The Flaws Of The Judiciary In The Texas Constitution
The Texas judiciary was put into effect in the 1876 Texas Constitution and it has received major critiques on whether it is effective in this day and age. One of the critiques is of the judges in courts, they often will make decisions based on what would please citizens in order to be reelected. Texas is a state where many voters favor more harsh punishments, so when judges are doing their job, some will follow the opinions of the voters instead of the law so that they can be reelected in future elections. Another critique is that minorities and women aren’t represented in the Texas courts. With Hispanics and African-Americans making about half of Texas’s population, some to almost none are in the judiciary. Women also make up about half of the population but still there are only few in Texas courts compared to men. When people are not fairly represented in courts it leads to unfair rulings because there is no connection the courts can make with the unrepresented people and vise versa.
Before people can make these types of critiques, it is important to understand what it means for a judge to be independent and capable and why it is important for a judge to be independent and capable. A judge needs to be able to execute his or her job independently without the outside pressure of people, personal beliefs, and emotions and needs to follow the laws and base their decisions on facts. To do this they need to be capable, where they need to be knowledgeable to make right decisions and be unbiased throughout all hearings. Critics question these characteristics of judges at all levels of the Texas judiciary because it determines if judges are doing their job correctly. And if they don’t have these types of characteristics it shows the flaws of the judiciary in the Texas constitution and the system of judicial selection.
Still, there are people that advocate for the current system where they want to continue to use it without change. This kind of assessment makes sense in some angle because one thing that Texas does for it judicial system that most states don’t is that the judges aren’t appointed, instead they are voted into by the population. This strengthens the idea of a democratic government where the people have to power to choose someone who is the best option locally, and if they don’t live up to the expectations of people they can vote the judge out of office. It also eliminates the problem of having to owning a politician for an appointment, so a judge won’t be corrupted because of the fear of getting on the bad side of politicians.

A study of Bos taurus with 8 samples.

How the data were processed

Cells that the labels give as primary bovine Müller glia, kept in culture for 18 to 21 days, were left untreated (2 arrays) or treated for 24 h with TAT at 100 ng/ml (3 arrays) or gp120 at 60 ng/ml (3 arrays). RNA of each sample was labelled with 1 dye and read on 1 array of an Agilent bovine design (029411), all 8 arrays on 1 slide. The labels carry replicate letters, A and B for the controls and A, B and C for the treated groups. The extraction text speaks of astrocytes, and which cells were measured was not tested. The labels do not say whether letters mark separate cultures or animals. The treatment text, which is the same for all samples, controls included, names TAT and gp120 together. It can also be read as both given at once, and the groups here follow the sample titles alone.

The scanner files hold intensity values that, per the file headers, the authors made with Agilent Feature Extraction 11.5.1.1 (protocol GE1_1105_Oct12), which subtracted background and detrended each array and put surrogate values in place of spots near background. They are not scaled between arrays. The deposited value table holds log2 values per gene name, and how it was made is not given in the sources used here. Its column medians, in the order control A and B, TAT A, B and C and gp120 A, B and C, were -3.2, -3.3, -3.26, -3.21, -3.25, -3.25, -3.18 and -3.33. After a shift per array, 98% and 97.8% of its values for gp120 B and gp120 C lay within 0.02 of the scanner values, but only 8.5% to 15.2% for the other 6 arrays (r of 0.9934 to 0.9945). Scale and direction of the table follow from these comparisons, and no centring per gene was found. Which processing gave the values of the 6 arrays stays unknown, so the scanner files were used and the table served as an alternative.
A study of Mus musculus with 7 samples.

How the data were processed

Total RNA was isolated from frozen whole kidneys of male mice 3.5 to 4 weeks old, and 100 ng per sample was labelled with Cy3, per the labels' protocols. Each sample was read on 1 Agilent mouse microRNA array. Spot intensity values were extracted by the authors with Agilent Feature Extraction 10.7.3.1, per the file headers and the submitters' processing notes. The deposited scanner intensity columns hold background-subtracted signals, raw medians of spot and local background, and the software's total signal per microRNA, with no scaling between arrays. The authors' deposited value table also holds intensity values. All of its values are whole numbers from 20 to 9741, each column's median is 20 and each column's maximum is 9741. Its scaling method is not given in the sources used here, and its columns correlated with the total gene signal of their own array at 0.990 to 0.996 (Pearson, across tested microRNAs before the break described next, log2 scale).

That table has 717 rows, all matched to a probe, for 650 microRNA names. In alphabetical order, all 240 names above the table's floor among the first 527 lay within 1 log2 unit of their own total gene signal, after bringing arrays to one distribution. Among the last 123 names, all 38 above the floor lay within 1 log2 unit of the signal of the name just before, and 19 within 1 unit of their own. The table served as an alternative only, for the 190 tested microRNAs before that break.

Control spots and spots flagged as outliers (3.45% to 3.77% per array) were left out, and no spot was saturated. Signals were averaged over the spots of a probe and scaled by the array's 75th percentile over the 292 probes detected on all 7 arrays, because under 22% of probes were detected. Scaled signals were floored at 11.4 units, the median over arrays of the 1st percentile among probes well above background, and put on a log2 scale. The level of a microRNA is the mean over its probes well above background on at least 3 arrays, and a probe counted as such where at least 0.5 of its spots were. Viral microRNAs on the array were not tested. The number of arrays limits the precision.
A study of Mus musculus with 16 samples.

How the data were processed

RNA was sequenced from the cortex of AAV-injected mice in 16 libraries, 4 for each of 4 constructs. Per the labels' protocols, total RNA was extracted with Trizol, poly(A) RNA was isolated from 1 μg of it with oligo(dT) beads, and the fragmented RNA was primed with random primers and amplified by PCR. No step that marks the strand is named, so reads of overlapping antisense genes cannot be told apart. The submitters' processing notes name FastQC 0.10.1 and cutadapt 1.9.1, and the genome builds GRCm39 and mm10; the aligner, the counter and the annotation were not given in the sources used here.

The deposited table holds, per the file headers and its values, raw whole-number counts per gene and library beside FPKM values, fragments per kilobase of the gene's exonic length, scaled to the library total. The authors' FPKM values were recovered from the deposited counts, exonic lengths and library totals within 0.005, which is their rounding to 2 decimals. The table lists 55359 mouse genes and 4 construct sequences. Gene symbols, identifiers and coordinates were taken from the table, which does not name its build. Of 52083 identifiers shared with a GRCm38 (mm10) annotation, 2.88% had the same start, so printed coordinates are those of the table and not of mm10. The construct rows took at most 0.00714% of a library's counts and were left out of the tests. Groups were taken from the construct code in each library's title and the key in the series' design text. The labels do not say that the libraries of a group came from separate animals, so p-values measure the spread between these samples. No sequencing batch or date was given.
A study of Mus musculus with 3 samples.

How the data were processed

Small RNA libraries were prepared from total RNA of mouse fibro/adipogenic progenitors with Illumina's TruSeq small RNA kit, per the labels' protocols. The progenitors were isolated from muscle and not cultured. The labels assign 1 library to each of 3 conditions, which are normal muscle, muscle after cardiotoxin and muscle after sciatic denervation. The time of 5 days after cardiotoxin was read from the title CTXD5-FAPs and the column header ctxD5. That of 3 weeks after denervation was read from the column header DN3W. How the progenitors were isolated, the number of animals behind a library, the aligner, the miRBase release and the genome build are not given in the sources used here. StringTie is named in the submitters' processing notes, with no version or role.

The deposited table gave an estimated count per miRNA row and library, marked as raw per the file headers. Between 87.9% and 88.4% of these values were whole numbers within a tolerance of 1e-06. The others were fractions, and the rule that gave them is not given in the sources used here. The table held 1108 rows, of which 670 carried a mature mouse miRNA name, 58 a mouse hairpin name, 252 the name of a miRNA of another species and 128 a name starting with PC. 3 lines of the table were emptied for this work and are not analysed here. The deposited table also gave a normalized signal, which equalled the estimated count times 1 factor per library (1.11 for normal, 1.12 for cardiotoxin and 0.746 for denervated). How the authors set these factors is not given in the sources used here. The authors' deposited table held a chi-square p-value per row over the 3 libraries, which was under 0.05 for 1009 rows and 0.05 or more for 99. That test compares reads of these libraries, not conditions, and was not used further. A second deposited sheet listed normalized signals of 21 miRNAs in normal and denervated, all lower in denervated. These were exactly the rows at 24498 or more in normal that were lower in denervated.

Even though there are some people happy with the current system of judicial selection, there are many who would advocate for a change in the system. The reason many people advocate for change is because the judicial system that is built from this current selection system doesn’t help represent the public. On the ballot each judge has what political party they associate with, and this partisan type election leads to voters not voting for a judge based on their qualification and skill but on if they have the same political agenda. Another reason people advocate for change is the requirement that the Texas Constitution has for eligible judges is not enough. With local courts having something as small as a 40 hour course and more encompassing courts requiring for a person to practice law for a certain amount of time, practically anyone can become a judge because instead of making sure the potential judges are competent enough for the job the only component of becoming a judge is time.